The pomodoro is a neat method for creating little islands of time. There are numerous ways they can be added as an extra tool in one’s own methods of productivity.
In writing this series of posts, I took the opportunity to experiment in learning the technique itself. I would use the pomodoros I had mapped out to work on the series with the idea that I would complete the series before posting them.
As new ideas, related or unrelated to the project, occurred in the process of writing, I would type control-option-space and enter them into the inbox for later processing. Starting a pomodoro with a clean inbox would allow me to review what was on my mind and what types of interruptions could present.
I also learned that the kitchen table is a terrible place for pomodoros. Meanwhile, pomodoros are great for review sessions of GTD and my projects in OmniFocus.
Starting a project using a pomodoro can give a sense of how long that project may take. At first, I thought this series would not take very long at all. After all, someone’s already written a lot on GTD and also on the Pomodoro. I’ve written on OmniFocus and GTD prior and there is a lot more on them out there. What else was there to say?
Once I started and saw how far I would get every 25 minutes, I realized the project was larger than I had originally anticipated. On a daily basis, I could decide if the project was worth continuing, and if so, how much effort to devote to it. As other projects appeared, some pressing and some not, I could always weigh the importance of continuing or suspending the project.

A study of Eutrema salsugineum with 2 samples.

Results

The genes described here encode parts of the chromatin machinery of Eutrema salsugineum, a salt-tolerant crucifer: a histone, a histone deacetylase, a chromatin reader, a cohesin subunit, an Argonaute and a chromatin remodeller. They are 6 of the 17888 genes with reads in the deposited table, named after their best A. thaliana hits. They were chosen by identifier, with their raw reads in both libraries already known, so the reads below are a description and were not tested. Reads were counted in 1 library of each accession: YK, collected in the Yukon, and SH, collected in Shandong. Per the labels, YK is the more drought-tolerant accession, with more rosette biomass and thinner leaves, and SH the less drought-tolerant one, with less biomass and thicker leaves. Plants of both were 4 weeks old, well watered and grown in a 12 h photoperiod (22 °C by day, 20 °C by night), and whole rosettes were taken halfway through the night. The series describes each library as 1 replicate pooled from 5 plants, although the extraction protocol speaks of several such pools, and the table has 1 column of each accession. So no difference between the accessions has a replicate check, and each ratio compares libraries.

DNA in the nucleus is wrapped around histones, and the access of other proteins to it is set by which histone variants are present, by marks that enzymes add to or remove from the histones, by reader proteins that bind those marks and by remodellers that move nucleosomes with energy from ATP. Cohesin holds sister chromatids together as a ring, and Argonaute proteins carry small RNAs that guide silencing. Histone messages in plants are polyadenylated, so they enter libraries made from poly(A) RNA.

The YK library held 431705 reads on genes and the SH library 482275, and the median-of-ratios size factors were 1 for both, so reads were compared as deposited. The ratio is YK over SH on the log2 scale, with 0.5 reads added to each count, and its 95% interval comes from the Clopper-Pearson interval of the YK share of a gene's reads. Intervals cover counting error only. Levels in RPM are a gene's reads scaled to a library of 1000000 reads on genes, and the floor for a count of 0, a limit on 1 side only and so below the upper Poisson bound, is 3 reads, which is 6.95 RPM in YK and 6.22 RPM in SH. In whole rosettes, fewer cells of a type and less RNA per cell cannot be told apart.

1 pomodoro at least would keep the flow moving. Several would increase the intensity and depth with which I could devote myself. There were weeks where it did have to be suspended, and other days where a small amount could be devoted, and still others where I could devote myself more fully to it.
Using the 25 minutes spans, I would break up tasks into manageable chunks. The realization of the size of the project gradually formed throughout the process. By mapping out the next week, I could have a general sense of what I could accomplish in that course of time. One can extend the process even further.
If, for example, I wanted to make it a policy for myself to have x number of pomodoros available each week between certain hours, I could then have an idea of projects I could do. Of course, one can use any standard measurement of time. But knowing that the time will be dedicated and concentrated somehow does make a difference.
As noted earlier, there are some things that I would definitely not use a pomodoro for. The pomodoro sets a certain type of pace or flow to a project. Having experimented with the technique, I can decide whether or not it is a type of flow conducive to a particular project.
Well, this concludes the series introducing the pomodoro to the GTD/OmniFocus productivity methods. I hope you enjoyed the posts 🙂
This post is now transferred to UsingOmniFocus.com. Further commentary may be made at that site.